Airlines Reporting Corporation’s (ARC) data for June shows that average ticket prices have risen 33% in the US market compared to just one year ago. While prices are down slightly from May, passengers continue to book more trips, especially internationally. Let’s take a look at the numbers.
ARC-affiliated travel agents, representing over 10,640 agents across the US, saw revenues of $ 7.9 billion in June 2022. This is an increase of 78% from the year before, supported by a 52% rise in total international trips this year. However, revenue is down 6% from May and trips down 5% (4% domestic and 7% international).
For passengers, ticket prices continue surging. An average round-trip flight would set travelers back $ 605 in June 2022, up 33% from the previous year. This is chalked up primarily to strong demand from passengers, many of whom have been traveling for the summer for over two years, but also due to rising input costs such as fuel and employee costs.
Nearly all airlines and airports have dropped pandemic-era restrictions such as masks and social distancing. Photo: Getty Images
ARC booked 21.6 million passenger trips last month, up 23% from 2021, signaling that demand has not been impacted for the summer months despite economic headwinds. This has been reflected in airline earning’s this quarter, with the big three all reporting profits on the back of record revenue.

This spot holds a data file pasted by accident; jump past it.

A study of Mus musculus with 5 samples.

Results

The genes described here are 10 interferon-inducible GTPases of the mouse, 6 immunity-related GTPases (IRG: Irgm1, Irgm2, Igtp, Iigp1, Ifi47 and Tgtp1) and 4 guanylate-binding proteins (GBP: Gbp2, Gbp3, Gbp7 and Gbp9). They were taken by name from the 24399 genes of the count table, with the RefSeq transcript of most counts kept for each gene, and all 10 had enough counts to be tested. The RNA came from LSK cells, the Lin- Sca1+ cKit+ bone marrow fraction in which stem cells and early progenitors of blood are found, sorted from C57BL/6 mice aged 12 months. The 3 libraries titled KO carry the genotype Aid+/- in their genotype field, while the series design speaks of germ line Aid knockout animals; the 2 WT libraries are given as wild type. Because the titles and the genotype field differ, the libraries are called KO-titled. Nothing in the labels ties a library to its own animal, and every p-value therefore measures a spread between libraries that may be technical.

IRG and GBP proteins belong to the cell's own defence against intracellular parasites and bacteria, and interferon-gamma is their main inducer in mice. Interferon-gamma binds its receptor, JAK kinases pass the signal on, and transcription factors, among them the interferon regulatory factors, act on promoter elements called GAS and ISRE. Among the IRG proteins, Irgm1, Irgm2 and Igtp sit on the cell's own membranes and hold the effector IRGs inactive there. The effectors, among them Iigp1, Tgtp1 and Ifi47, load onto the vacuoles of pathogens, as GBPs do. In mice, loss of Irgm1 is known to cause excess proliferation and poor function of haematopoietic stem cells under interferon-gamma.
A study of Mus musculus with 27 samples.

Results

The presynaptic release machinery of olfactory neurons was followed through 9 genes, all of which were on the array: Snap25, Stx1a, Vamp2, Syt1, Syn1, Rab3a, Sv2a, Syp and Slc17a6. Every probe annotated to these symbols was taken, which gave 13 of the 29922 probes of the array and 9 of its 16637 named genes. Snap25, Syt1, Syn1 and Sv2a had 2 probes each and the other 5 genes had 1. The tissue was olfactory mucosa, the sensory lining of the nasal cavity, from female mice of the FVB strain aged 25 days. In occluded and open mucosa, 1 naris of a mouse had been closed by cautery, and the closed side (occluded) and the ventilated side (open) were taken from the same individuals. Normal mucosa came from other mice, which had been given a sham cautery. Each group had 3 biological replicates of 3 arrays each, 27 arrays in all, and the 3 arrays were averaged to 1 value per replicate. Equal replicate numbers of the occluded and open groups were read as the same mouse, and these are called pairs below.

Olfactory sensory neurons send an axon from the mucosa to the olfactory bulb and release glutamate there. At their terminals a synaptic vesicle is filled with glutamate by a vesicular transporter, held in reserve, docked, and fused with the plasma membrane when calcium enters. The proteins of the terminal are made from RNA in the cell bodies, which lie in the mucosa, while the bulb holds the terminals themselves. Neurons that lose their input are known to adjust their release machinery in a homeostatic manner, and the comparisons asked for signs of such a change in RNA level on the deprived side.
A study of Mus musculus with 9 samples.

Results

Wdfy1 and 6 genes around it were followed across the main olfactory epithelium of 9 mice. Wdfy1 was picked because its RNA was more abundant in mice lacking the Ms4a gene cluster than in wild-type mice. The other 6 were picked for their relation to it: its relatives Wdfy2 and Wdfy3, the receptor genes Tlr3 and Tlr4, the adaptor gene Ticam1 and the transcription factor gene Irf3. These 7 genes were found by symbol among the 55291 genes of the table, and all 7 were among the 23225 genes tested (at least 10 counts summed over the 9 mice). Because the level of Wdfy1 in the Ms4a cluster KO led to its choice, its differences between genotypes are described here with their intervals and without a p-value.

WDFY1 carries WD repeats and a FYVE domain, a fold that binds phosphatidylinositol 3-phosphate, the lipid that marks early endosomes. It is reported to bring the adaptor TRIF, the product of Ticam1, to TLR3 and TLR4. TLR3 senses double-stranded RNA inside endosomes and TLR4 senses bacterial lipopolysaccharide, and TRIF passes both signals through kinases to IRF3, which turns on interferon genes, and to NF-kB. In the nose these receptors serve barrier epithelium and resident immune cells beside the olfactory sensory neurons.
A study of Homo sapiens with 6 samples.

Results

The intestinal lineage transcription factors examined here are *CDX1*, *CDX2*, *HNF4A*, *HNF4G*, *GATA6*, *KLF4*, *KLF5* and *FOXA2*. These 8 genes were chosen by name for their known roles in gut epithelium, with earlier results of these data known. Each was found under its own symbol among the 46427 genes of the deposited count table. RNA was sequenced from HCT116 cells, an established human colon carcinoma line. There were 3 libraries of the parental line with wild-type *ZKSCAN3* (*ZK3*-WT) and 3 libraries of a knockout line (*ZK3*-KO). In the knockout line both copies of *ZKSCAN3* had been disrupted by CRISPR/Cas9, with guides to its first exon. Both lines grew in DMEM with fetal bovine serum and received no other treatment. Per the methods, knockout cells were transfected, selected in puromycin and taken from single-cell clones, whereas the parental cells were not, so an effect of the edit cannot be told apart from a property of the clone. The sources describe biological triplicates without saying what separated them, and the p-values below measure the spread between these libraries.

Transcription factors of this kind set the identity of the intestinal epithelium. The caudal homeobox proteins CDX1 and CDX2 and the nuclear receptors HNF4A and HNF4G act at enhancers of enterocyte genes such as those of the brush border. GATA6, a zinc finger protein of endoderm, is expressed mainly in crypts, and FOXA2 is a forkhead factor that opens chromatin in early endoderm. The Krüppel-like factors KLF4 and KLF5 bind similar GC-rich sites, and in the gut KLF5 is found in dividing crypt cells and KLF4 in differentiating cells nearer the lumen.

In a statement, Steve Solomon, Vice President of Global Customers and Data Products at ARC, said,
“In pre-pandemic years, we typically saw an 8-12% decline in total sales and passenger trips from May to June. The smaller month-over-month decline in total sales and passenger trips shows air travel demand remains strong for both domestic and international itineraries. “
Will it last?
As the summer ends in less than two months, airlines and ticketing agents will be looking anxiously to the future. In the US, high inflation is set to hit discretionary income for travel, leaving the autumn and winter numbers unknown. A possible recession could be another huge issue for airlines, which have yet to even make a full capacity recovery.
US airlines have seen revenues hit lifetime highs even with capacity not yet restored. Photo: Vincenzo Pace I Simple Flying
However, there is some good news as well. The US market has been less hurt by staffing shortages that are plaguing Europe, allowing carriers to offer their full schedules again. While individual airlines, like American with its long-haul operations, may be behind, the market as a whole is making a recovery. And if revenue numbers are anything to go by, a recovery might already be here.
Airlines optimistic, for one more quarter
Looking at airline earnings, it is clear that carriers are happy with their profits for now. Most have issued guidance that includes a predicted profit for Q3 as well, showing that steady financial footing for the first time ever. However, anything after that remains a challenger, with carriers citing high fuel prices as a particular challenge. For now, the US market is flying high, and the summer is in full swing.
What do you think about the US ‘airline recovery? Will it last through the year? Let us know in the comments!